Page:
What if we could do machine learning and computer vision on a tiny microcontroller without internet connection? Read about hands-on testing of on-chip face-recognition on a $7 microcontroller.
For years Microsoft, Amazon and Google have pushed their cloud-based machine learning and artificial intelligence services. They have a lot of impressive features and are very simple to implement. However, they come with a lot of challenges when it comes to privacy, the need for constant internet connection, latency and in many cases cost.
Can we get around these limitations and do machine learning without the cloud?
Even though many machine learning algorithms require huge amounts of processing power, especially when training the models, in many cases the trained model can be quite small, and not require a lot of storage, RAM or CPU to run. Potentially they could run directly on a microcontroller.
What if you could do machine learning and computer vision on a tiny microcontroller without internet connection? That would enable lots of interesting products and services. It turns out that Espressif, the makers of the very popular “IoT chips” ESP8622 and ESP32 have just launched ESP-WHO, a face detection and recognition platform, that runs on ESP32.
What is ESP32?
ESP32 is a series of low-cost low-power system on a chip microcontrollers with Tensilica Xtensa LX6 microprocessor and integrated Wi-Fi and Bluetooth. Development boards are very cheap, generally widely available and relatively easy to get started using.
How to get started?
To use the ESP-WHO platform you will need ESP32, an OV2640 camera module and at 4MB PRAM. You can build this yourself with components from eBay, but the simplest way to get started is to buy an ESP32 development board with a built in OV2640 camera and enough PRAM. Since these cards recently became available on the market, they can be a bit difficult to obtain. Thankfully after a lot of canceled orders on eBay, I managed to get my hands on a few M5Stack M5Cam modules that claimed to have both the camera and the required amount of PRAM. As an extra benefit, they come in a nice Lego-compatible casing, which helps protect the board and camera.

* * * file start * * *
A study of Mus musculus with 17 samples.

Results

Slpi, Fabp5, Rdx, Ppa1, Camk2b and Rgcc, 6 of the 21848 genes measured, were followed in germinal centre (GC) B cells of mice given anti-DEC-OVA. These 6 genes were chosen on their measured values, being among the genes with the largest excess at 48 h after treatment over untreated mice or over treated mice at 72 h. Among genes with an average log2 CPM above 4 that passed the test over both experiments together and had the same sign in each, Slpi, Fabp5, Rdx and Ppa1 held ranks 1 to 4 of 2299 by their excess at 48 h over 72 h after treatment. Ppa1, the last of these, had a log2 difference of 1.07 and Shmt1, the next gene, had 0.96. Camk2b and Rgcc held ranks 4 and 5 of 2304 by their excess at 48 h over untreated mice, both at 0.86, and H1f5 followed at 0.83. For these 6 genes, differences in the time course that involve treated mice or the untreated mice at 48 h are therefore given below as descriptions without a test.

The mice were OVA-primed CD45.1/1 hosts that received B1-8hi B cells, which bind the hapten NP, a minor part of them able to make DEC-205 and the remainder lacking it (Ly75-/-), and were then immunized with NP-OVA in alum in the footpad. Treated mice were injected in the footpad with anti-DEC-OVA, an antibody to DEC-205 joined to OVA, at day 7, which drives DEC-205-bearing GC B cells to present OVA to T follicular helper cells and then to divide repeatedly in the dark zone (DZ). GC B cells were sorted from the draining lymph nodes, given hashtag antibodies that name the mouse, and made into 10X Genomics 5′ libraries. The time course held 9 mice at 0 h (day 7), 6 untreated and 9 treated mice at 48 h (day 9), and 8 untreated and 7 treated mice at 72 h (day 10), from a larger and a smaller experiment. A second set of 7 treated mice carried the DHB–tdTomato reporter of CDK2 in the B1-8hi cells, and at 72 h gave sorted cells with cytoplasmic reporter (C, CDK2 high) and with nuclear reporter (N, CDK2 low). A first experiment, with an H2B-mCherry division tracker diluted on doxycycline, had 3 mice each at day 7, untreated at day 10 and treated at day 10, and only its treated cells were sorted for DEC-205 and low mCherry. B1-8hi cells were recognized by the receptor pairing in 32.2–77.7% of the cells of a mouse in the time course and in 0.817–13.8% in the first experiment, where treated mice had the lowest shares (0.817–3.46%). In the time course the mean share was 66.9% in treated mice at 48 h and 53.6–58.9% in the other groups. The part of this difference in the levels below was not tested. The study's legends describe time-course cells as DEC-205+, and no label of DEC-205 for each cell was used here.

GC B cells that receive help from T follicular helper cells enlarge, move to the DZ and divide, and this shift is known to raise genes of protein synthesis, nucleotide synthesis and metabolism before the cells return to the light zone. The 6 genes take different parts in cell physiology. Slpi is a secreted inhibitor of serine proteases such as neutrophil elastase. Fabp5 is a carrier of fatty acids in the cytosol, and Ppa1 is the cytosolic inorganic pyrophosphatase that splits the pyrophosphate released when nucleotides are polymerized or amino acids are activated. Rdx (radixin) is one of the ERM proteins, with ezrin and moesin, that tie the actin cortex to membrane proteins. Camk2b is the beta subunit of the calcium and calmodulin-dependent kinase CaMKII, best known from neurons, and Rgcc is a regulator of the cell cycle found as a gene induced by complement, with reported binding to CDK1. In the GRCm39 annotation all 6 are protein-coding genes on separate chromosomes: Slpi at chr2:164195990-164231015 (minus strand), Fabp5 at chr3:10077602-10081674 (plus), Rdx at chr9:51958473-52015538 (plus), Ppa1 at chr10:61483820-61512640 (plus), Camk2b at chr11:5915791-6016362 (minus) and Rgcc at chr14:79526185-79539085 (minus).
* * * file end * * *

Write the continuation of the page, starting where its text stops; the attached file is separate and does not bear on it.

Does it work?
After googling and reading blog-posts about ESP-WHO I was kind of surprised that I couldn’t find anyone that had tried it, could confirm that it works, provide (working) instructions on how to get it up and running, or say anything about how good the face recognition was. The only way to find out for sure was to try it.
Getting the right board.
There is several boards with ESP32 and OV2640 camera module, but not all of them have the required PRAM. The only version I have gotten to work is the cased version of the M5Cam. (The uncased version is slightly cheaper, but does not have PRAM and the unprotected camera cable snaps very easily)
Installing the USB Driver.
To be able to connect to the M5Cam development board you will need the CP210x driver from Silabs. It can be downloaded from here. If you are using Windows 10 make sure to install the Windows 8 driver as the Windows 10 driver does not work with the board.
Installing the development environment.
Camera and face-recognition is not (yet) supported by the Arduino IDE for ESP32, so to use the advanced features you will have to set up Espressifs toolchain. This can be a bit unfamiliar if you are used to using the Arduino environment. To get it up and running you will have to complete the following steps.
1. Setup of Toolchain
2. Getting of ESP-IDF from GitHub
3. Modify the code to work with M5Stack camera*
Setup of toolchain
There are several ways to setup the toolchain and detailed description on how to setup toolchain can be found here. Windows, the simplest way to get started is to download the Windows all-in-one toolchain & MSYS2 zip file from here.
Extract the zip to c:\mysys\
Open a MSYS2 MINGW32 terminal window by running C:\msys32\mingw32.exe. The environment in this window is a bash shell.
Create and navigate to the directory ~/esp (mkdir esp and cd esp)
git clone --recursive github.com/espressif/esp-idf.git
Setup path to esp-idf:
Downloading the example code:
git clone --recursive github.com/espressif/esp-who.git
Modifying the code to work with M5Stack:
Since the wiring in the M5Stack camera is slightly different from the example code for ESP-WHO you will have to make a few small changes to the example code to make it work. Replace the GPIO settings include\app_camera.h to the follwoing: (this change will pretty much be the same for all of the examples)
#define PWDN_GPIO_NUM 0
#define RESET_GPIO_NUM 15
#define Y2_GPIO_NUM 32
#define Y3_GPIO_NUM 35
#define Y4_GPIO_NUM 34
#define Y5_GPIO_NUM 5
#define Y6_GPIO_NUM 39
#define Y7_GPIO_NUM 18
#define Y8_GPIO_NUM 36
#define Y9_GPIO_NUM 19
#define XCLK_GPIO_NUM 27
#define PCLK_GPIO_NUM 21
#define HREF_GPIO_NUM 26
#define VSYNC_GPIO_NUM 22
#define SIOD_GPIO_NUM 25
#define SIOC_GPIO_NUM 23
To flash the example code to the ESP you will have to configure the serial flasher with the correct port.
run "make menuconfig"
Flash the example code to the development board you run "make flash"
When the code is flashed to your development board run "make monitor" to connect to the serial monitor.
It actually works! The camera requires quite a bit of light to be able to detect a face. I haven't had time to test it on several faces. However, so far, the face recognition seems good enough for a lot of use cases. I probably would not use it for access control to my front door, but for many less critical tasks it would probably work great.